In never-before-heard 911 tapes, a family friend tells emergency dispatchers that at least one of the terrified kids in the July Taconic Parkway wrong-way crash managed to call relatives to plead for help just minutes before she died in a head-on collision that killed eight of the nine people involved.
"The girls just called in distress," the friend tells dispatchers, apparently referring to driver Diane Schuler's three nieces who were in the car. "They said the aunt is driving very erratically. They think she's sick."
The family tried to call back, but by then the girls were "like radio silent on the cell phones," the friend said. Other tapes describe authorities attempting to organize a search for the vehicle, unaware it was already too late. With four children in car, Schuler drove nearly two miles the wrong way down New York's Taconic State Parkway before plowing head-on into another vehicle.
In another 911 call a woman, apparently a witness to the crash's gruesome aftermath, described the horrifying scene.
"Yeah there are [injuries]," the woman said as another screams in the background. "There are like little kids. The kids [are] not moving. There's a whole bunch of kids. Honestly the car's smashed."
Schuler, her two-year-old daughter and three nieces were killed in the crash along with the three men in the other vehicle. Schuler's five-year-old son Bryan was the crash's only survivor and suffered two broken legs and a broken arm among other serious injuries.
Toxicology reports after the crash revealed that Schuler had been drunk and high at the time of the accident and had a blood alcohol content of more than twice the legal limit. Investigators could not determine if Schuler had been drinking while she was driving, but alcohol was in her stomach at the time of the autopsy and a bottle of vodka was found at the crash scene, New York State Police Major William Carey said at a press conference.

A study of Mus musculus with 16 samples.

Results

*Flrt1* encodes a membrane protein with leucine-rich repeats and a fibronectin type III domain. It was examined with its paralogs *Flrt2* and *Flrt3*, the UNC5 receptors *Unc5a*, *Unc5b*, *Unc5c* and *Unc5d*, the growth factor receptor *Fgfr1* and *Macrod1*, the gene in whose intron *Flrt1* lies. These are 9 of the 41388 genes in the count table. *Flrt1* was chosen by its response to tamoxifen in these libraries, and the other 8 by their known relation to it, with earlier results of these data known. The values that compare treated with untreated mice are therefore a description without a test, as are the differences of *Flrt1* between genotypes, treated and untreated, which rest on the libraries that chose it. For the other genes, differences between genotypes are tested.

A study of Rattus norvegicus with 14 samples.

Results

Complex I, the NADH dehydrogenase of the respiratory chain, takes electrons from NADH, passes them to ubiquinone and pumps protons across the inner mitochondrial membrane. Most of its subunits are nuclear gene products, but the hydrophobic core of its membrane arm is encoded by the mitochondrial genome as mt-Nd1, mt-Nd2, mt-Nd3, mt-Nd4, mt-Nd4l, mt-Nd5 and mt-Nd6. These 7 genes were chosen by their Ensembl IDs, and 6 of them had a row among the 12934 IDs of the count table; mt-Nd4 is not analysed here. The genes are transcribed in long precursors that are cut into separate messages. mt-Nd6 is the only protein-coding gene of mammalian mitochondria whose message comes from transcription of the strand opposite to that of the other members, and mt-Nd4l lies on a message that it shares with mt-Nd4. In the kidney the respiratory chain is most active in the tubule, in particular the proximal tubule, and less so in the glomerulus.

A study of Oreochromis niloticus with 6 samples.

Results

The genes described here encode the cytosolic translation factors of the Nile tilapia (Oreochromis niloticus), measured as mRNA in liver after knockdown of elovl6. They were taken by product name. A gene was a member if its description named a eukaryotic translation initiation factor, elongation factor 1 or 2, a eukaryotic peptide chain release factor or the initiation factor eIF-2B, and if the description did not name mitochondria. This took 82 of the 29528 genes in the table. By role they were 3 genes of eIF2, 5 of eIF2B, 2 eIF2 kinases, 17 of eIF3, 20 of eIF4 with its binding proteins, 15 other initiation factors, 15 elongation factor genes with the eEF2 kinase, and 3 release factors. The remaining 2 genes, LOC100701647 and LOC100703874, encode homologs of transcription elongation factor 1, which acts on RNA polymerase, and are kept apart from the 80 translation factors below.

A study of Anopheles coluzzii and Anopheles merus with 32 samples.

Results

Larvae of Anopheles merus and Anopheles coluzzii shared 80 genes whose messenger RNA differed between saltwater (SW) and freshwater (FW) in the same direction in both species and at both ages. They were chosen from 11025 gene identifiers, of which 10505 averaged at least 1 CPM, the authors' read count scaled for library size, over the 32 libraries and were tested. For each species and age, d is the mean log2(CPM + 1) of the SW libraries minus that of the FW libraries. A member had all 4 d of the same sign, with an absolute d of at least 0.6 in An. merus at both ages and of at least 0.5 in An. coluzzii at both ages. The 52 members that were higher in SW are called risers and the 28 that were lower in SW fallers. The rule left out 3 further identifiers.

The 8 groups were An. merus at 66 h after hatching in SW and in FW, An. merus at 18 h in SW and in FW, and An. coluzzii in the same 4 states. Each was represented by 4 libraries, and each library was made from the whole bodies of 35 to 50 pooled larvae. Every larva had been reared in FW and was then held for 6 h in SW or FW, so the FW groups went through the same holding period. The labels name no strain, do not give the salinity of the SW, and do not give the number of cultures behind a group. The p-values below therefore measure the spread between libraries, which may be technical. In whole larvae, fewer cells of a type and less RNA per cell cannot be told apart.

Schuler's husband, Daniel Schuler, has repeatedly denied that his wife was a drinker and has insisted that the toxicology report was wrong.
"She did not drink. She was not an alcoholic," Schuler said Aug. 6. "Something medically had to have happened."
Schuler was driving home with the children from a campground in upstate New York, where witnesses said she seemed "fine."
Irving Anolik, attorney for the family of Guy and Michael Bastardi, two of the men killed in the other car, told "Good Morning America" in August that he "categorically" rejected the idea that the wreck was caused by any medical emergency, as Daniel Schuler had suggested.
"This is a killing. Don't call it an accident," Anolik, attorney for the Bastardi family who lost a father and son in the wreck, told "Good Morning America." Anolik said that any medical condition theories are "at war with the autopsy report, with the blood analysis, with the whole panorama of things that surround this killing."
Schuler hired private investigator Thomas Ruskin to look into the accident. According to Ruskin, Schuler looked "completely" normal when she stopped at a convenient store to purchase Tylenol or Advil just hours before the crash.
Investigators had hoped that as the crash's sole survivor, Bryan would be able to shed light on the minutes that led up to the crash, but the boy has not said much, Ruskin said.